More data has been created in the past two years than in the entire history of the human race. To visualize and gain insights from this galaxy of information, MapD offers a new approach, accelerated by NVIDIA GPUs.
MapD’s database intelligently partitions, compresses and caches data across all GPUs, providing users with up to 100x faster database queries — no indexing or optimizations required. When paired with the MapD Immerse analytics front-end, the system delivers instant visual insights into datasets with billions of records.
Mark Litwintschik, a consultant, blogger and database fanatic from the UK, recently tested more than a dozen different databases and configurations using a massive dataset first released late last year. This dataset comprises staggering detail on 1.2 billion individual taxi, limo and Uber trips in New York City over more than five years — including full GPS, transaction type, passenger counts and timestamps.
Most of Litwintschik’s prior work had been on CPU-based systems. Testing MapD powered by NVIDIA GPUs resulted in 55x faster performance.
“For me personally, the future of business intelligence reporting is GPU-based,” said Litwintschik. “The cards these benchmarks ran on are based on an architecture that’s two generations old, yet the query times are 55x faster in some cases than I’ve seen anywhere else — including large, clustered CPU solutions.”
According to Litwintschik, “the future looks extremely bright” for the world of BI. And in fact, NVIDIA and MapD have been working together to help companies across a variety of industries to filter and visualize their massive datasets without lag.
Verizon Tunes Database to Handle Unrivaled Volume, Velocity of Data
Across every line of business — and from marketing and sales to network and content operations — few industries can rival telecommunications when it comes to the volume and velocity of data. Whether forensics on dropped calls, sensor data, log files, customer churn, device stats or data center performance, the data arrives constantly and relentlessly. Complicating matters is the need to see that data in real time — making pattern recognition and root cause analysis difficult.
Verizon has applied MapD’s GPU-tuned database to the challenge of monitoring the smartphones in its network to assess a variety of metrics. Before MapD, this query would take hours to run, so the company only did it periodically. With MapD, these same queries complete in milliseconds and render instantaneously. This allows Verizon to quickly identify the root causes of problems, helping customers and the company’s operations and logistics teams.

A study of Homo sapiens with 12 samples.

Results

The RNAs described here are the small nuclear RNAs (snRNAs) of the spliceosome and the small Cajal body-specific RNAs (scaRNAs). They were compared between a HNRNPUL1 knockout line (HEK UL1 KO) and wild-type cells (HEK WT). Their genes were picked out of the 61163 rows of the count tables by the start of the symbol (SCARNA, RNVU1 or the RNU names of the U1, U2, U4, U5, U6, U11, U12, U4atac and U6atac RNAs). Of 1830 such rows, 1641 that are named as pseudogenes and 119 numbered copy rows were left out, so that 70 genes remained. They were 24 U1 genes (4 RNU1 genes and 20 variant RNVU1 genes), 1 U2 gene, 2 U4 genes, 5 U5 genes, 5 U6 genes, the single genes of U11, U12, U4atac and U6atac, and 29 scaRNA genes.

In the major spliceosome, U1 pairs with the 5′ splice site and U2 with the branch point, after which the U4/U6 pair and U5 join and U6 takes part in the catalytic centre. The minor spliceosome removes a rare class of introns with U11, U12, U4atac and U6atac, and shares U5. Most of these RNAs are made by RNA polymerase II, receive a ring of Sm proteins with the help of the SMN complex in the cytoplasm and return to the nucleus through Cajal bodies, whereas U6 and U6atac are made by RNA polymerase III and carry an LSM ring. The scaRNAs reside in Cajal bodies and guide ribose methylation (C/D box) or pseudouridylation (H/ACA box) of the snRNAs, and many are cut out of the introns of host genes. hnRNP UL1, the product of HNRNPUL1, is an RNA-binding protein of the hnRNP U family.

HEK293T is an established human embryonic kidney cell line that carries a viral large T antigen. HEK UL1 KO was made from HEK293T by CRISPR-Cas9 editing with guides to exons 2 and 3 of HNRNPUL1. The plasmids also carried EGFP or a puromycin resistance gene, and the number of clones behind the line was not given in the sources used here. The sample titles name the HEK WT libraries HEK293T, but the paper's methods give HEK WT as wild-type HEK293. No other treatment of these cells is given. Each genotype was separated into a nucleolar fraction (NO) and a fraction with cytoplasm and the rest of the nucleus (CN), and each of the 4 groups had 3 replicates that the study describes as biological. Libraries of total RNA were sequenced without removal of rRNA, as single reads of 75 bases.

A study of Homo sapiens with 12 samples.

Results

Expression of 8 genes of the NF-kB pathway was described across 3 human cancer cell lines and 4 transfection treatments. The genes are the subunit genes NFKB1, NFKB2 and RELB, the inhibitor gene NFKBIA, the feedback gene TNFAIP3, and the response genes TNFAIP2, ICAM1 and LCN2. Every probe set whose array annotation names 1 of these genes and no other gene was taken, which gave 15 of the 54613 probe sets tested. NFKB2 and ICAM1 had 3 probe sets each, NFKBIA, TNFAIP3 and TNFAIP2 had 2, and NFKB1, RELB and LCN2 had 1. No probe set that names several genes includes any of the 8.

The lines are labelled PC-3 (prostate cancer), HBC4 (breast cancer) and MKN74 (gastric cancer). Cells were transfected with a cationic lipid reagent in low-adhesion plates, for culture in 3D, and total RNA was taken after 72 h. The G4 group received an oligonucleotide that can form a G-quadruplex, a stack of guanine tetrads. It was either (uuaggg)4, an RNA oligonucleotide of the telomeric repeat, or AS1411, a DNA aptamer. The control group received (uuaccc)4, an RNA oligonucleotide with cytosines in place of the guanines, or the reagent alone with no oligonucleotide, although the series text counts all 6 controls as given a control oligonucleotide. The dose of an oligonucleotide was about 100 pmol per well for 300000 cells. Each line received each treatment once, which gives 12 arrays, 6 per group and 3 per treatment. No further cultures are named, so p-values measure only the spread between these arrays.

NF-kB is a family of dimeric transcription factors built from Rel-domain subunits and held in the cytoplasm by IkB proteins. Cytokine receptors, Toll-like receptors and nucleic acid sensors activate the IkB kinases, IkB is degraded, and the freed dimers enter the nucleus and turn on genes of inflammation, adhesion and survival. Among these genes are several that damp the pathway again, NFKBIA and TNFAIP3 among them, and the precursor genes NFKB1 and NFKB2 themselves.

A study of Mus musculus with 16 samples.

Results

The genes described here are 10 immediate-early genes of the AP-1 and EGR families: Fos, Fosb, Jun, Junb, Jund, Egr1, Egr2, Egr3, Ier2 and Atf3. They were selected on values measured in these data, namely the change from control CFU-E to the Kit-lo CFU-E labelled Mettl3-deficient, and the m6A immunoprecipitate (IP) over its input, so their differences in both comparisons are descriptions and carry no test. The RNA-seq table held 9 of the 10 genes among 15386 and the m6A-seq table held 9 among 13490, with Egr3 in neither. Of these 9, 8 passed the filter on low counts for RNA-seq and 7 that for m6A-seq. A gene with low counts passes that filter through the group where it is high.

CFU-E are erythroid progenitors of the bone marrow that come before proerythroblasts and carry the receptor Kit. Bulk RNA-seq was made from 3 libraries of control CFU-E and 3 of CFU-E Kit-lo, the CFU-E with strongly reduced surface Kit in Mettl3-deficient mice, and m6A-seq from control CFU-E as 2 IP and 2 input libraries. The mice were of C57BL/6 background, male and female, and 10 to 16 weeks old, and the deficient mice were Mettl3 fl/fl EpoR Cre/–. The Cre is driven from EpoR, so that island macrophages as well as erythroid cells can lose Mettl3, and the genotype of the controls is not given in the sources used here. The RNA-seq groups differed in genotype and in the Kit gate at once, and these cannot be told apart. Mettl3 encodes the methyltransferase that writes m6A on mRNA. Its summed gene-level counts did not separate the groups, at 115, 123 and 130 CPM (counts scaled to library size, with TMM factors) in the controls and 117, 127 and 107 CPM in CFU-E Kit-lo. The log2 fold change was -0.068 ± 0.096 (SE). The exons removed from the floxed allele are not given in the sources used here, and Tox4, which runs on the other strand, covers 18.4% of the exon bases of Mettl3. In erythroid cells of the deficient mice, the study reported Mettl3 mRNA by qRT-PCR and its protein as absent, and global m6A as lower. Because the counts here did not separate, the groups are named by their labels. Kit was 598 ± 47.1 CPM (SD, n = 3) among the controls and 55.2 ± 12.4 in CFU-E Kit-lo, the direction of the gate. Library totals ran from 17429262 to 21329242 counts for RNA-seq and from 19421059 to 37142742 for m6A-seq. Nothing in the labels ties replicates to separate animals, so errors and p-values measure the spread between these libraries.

“Because the database is using the true power of the GPUs, the data is available almost immediately to the processors,” said Abdul Subhan, senior solutions architect at Verizon.
When Billions Are at Stake
To create competitive advantage, financial firms have invested billions of dollars in core technology, such as high-speed networks, immense data stores and algorithmic trading models. But the speed of hypothesis generation and testing has lagged, pulled down by CPU technologies that are ill suited to querying and visualizing billions of records with mere millisecond delays.
NVIDIA and MapD have worked with a hedge fund client that developed a rich proprietary dataset that has grown exponentially over time. The firm’s ability to efficiently ask questions of that dataset had not kept pace. For a fund of its size, the opportunity cost of seemingly small delays can run to the millions of dollars — on a single trade.
Using MapD’s offering, the company can query and render results graphically in milliseconds, enabling it to build an informational advantage over competitors. With MapD’s GPU-powered data exploration platform, new investment ideas can be tested immediately, leading to a more fluid and creative process for portfolio managers, traders and analysts alike.
While the millions of images and videos hitting the likes of Twitter, Facebook and Snapchat each day garner the headlines, the explosion in data is driven as much by machines as by humans. Less glamorous information on customer activity, users, transactions, applications, servers, mobile devices and networks is piling up as machine data.
“With 20 billion requests a month, we wanted a lightning-fast, industrial-grade database that could handle our need for ad-hoc data analysis,” said Laurie Voss, chief technology officer at npm. “Our requirements demanded exceptional performance and scalability to power through large, complex queries and we found the answer in MapD.”
DGX-1: A Quantum Leap in Performance
Customers in telecoms, finance and tech are just the start. MapD is working closely with NVIDIA on its latest innovation: the NVIDIA DGX-1. This supercomputer-in-a-box can deliver throughput equal to 250 conventional servers in a single system with eight Tesla P100 GPUs and 128GB of GPU memory.
Companies that can benefit from faster, better performance with GPU-enabled solutions span retail, insurance, manufacturing, healthcare and many more industries.